One of the pieces of legislation to come out of the 2018 General Assembly Session was voted out in the final minutes. Unless it is amended by the governor is a hard hit to Loudoun County.
The Metro funding bill passed, completely disrupts the road improvement funding process in Northern Virginia by siphoning off a huge portion of road monies controlled by the Northern Virginia Transportation Authority (NVTA) and redirecting it to The Washington DC Metro system.
Defunding important projects means going without desperately-needed improvements or funding these roads with local dollars which might otherwise be spent on education, mental health services, or public safety to name a few.
I spoke up on the floor of the House reminding that passage would, in addition to directly reducing road funding, would also hurt the NVTA bond rating, compounding the negative effect.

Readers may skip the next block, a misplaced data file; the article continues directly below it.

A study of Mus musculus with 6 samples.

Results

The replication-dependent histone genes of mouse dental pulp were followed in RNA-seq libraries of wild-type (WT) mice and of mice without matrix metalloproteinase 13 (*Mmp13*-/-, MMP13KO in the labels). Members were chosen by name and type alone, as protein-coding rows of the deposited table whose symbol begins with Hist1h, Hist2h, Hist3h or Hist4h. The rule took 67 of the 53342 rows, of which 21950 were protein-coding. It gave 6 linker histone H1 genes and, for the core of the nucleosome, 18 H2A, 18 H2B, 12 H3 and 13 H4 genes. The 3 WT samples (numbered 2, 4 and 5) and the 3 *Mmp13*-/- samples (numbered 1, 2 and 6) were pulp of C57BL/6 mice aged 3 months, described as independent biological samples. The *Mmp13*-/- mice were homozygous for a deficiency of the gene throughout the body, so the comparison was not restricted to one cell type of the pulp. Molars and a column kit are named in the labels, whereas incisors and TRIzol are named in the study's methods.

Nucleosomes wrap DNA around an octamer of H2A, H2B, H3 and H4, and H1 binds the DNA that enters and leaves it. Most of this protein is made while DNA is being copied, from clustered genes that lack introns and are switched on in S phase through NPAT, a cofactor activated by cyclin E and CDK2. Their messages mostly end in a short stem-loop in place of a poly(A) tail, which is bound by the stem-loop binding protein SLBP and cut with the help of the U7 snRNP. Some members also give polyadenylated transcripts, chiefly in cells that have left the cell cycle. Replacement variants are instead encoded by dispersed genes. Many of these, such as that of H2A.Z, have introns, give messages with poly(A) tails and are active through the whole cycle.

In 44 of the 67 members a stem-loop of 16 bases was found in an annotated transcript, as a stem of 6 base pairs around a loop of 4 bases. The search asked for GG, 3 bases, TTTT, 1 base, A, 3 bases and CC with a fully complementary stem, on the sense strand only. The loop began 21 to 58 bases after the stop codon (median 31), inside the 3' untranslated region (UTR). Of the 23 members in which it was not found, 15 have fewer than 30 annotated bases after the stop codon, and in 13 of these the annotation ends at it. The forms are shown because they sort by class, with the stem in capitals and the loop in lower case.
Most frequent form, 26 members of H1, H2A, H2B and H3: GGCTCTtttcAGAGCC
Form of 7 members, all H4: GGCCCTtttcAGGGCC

Regretfully, my plea to fellow Loudoun Delegates to oppose the measure was ignored. The final vote was my one vote opposing and all other Loudoun Delegates supporting the measure. Senator Richard Black was the only Loudoun NO vote on the Senate side.
Loudoun County signed on to participate in the Metro in 2012 expecting to have flexibility in deciding how to meet its funding obligations and expecting to pay a fair share; this General Assembly imposed funding method largely ignores all of this.
I can only hope Governor Northam will intervene and takes steps to assure that badly-needed and long-overdue road projects across the county and Northern Virginia will not be shuffled to the back burner leaving drivers stuck in traffic.
If the governor fails to correct this mistake I will encourage the Board of Supervisors to revisit the decision made in 2012 and consider opting out of the Washington DC Metro system to avoid inevitable massive Loudoun County tax increases that will follow.
Funding the Metro should be achieved through assessments on special tax district around stations as with the capital construction costs for the Silverline. This is similar to the method also successfully used to transform Route 28 from a two lane road into the modern highway it is now.